The residents of nursing care homes are seldom loved and taken care of. They rarely go out or are visited by anyone. But what’s worse is that some people inside couldn’t care less.
Advances in technology and social media platforms and applications have allowed us to remain connected with one another nearly anytime, anywhere. Caregivers and their loved ones have used these tools as a source of support, entertainment, communication, and much more. But, as with many great inventions, there is a downside to this proliferation of mobile devices and social media. Unfortunately, the law has not caught up with these new technological advances, and vulnerable demographics have fallen victim to those who use these tools without ethical considerations or respect for others’ rights. One of these increasingly victimized groups is elderly and ill individuals who are receiving long-term care services.
March 2016: “A nursing assistant was fired after sharing a photo on Snapchat of an elderly and incapacitated resident with his pants down and feces on his legs, shirt and left hand. The resident had extreme cognitive impairments due to dementia.”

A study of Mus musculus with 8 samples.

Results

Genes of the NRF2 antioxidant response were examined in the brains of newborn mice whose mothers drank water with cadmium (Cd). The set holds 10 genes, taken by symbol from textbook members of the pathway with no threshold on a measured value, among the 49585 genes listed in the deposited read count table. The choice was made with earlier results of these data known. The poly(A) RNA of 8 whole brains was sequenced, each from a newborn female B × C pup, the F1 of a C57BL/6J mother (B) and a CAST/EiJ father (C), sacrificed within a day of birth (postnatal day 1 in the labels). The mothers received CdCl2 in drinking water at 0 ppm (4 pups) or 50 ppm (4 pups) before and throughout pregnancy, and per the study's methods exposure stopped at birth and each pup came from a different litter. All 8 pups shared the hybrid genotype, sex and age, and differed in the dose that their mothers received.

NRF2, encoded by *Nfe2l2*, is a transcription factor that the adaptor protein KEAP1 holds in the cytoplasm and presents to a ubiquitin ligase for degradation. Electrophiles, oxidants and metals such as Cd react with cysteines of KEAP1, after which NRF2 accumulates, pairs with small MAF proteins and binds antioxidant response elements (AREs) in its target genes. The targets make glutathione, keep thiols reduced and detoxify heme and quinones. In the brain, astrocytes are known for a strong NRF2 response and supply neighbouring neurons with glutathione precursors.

February 2015: “While talking to a friend on FaceTime, the live video chatting service from Apple, a nurse pointed the camera at a resident. At the time of the incident, an aide was washing the resident in bed following an incontinence episode. The aide said the nurse placed the cell phone in the resident’s face and demanded that he/she say hi on camera to the person with whom the nurse had been talking.”
January 2016: “A nursing assistant admitted to taking video of a 93-year-old woman with Alzheimer’s disease sitting on her bed in a bra with no underwear or pants. She shared the video on Snapchat with friends.”
July 2015: “Two nurse’s aides face charges of elder abuse for posting humiliating videos of residents on social media. According to the Lowell Sun newspaper, one video shows an elderly resident sitting on a commode while dressed and being asked about her sex life and if she smoked marijuana. Another shows the same resident sleeping when one of the aides yells in her ear, waking her up.”
September 2015: “Three personal care assistants were fired after an employee took a photo of a resident on the toilet and posted it on Snapchat.”
All of these are actual, reported cases of social media abuse in American nursing homes. In December of 2015 ProPublica released “Nursing Home Workers Share Explicit Photos of Residents on Snapchat,” a report aimed at raising awareness of this new type of abuse in long-term care settings.